Grassy lawn with harbor views and a short but storied history
When local Rocco Yim designed a new headquarters for the Hong Kong government on the site of the former Tamar naval base, he envisioned it as an arch that represented transparency and openness. Beneath the arch, a park with broad trees and lush green lawns sloped down towards Victoria Harbor.
Invitation to protest
Yim probably didn’t anticipate that Hongkongers would take his sentiment to heart. In 2014, demonstrators angry at China’s decision to restrict Hong Kong’s election choices occupied the streets around Tamar, sparking a 79-day protest known as the Umbrella Movement. The entire area became a self-contained tent city with artworks, speeches, a church, a library and a study center for students. A blank concrete wall on the edge of the government headquarters was covered in messages of hope and peace, earning it the nickname of the Lennon Wall.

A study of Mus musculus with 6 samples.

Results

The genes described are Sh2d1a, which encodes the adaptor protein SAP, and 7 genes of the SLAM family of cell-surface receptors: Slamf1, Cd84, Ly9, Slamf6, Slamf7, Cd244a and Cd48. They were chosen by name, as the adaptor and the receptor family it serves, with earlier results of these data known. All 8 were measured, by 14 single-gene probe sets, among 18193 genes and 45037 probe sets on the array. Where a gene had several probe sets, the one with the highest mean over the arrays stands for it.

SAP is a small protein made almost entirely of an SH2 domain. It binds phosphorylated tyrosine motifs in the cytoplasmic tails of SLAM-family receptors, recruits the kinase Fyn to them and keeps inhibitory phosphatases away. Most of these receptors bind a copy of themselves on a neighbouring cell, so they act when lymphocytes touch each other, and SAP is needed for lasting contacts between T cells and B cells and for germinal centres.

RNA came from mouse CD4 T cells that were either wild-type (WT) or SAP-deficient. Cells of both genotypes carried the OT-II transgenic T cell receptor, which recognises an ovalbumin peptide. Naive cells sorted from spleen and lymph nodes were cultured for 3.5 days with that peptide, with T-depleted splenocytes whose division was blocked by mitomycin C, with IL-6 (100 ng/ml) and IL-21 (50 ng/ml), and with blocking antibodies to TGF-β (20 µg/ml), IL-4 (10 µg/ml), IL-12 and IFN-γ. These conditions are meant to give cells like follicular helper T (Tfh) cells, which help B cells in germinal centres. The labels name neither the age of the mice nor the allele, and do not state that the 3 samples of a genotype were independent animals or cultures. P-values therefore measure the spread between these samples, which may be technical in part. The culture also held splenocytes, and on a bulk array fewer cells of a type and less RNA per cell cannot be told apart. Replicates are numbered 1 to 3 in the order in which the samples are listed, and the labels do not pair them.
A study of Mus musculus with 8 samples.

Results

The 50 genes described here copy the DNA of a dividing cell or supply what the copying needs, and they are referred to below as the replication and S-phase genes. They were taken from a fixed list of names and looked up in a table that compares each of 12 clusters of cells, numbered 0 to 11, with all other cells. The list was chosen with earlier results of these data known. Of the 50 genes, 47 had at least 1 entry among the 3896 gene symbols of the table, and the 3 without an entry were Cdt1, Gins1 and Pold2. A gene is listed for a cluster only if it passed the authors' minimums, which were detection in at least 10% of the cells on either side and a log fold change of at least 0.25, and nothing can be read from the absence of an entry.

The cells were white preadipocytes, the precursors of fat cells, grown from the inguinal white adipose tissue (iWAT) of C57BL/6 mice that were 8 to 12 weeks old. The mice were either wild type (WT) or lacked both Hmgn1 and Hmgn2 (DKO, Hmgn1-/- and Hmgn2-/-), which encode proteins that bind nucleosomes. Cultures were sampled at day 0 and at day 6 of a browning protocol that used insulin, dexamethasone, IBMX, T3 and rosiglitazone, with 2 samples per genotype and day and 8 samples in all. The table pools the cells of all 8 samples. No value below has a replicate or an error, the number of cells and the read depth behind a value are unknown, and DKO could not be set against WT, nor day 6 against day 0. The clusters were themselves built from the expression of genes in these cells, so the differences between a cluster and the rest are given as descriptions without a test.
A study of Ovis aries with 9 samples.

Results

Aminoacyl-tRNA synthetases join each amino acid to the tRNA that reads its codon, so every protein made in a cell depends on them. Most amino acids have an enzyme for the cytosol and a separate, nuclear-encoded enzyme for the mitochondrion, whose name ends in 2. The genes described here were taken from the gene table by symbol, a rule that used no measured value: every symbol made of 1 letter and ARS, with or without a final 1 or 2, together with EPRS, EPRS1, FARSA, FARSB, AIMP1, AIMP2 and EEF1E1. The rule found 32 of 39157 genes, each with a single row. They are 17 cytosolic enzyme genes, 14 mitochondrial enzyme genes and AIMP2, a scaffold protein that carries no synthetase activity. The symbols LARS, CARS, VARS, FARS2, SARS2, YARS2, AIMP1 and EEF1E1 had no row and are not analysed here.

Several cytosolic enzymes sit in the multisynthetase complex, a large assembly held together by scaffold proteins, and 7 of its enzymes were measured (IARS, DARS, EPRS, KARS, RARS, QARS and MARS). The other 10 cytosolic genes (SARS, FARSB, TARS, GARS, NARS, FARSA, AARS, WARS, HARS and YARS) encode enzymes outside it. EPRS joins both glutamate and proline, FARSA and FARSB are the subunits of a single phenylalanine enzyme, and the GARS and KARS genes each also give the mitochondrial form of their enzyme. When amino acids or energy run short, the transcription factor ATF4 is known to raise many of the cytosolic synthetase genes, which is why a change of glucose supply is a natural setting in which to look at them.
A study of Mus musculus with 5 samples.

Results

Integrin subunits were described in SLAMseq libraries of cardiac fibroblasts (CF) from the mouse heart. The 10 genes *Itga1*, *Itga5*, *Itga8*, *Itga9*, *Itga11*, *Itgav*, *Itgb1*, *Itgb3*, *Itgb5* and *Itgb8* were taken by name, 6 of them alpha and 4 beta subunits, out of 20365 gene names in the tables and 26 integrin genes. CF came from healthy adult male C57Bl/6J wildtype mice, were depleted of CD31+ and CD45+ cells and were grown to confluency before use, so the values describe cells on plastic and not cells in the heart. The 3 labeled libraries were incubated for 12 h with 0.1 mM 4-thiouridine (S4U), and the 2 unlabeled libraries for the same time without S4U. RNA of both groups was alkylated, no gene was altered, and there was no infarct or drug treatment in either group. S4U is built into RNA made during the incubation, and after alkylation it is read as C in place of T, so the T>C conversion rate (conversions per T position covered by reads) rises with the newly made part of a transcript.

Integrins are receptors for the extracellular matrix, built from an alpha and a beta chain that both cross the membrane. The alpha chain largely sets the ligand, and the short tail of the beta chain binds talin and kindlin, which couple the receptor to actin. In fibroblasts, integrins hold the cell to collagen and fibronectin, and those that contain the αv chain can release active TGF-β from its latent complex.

Today: picnics and dissent
Today, Tamar Park is still a popular spot for protesters, but it is also a lovely place to sit on the grass and have a picnic, which is exactly what many people do on sunny afternoons in the autumn, winter and spring.
Coffee with a view
We love iBakery Gallery Café, which has locations at both ends of the park. The bakery is a social enterprise that employs people with disabilities, with the goal of eventually integrating them into the workforce.
Next to Tamar Park is a large privately-managed event space that is home to many popular festivals, including the Art Central art fair, Wine & Dine food festival, Clockenflap music festival and Beertopia craft beer festival.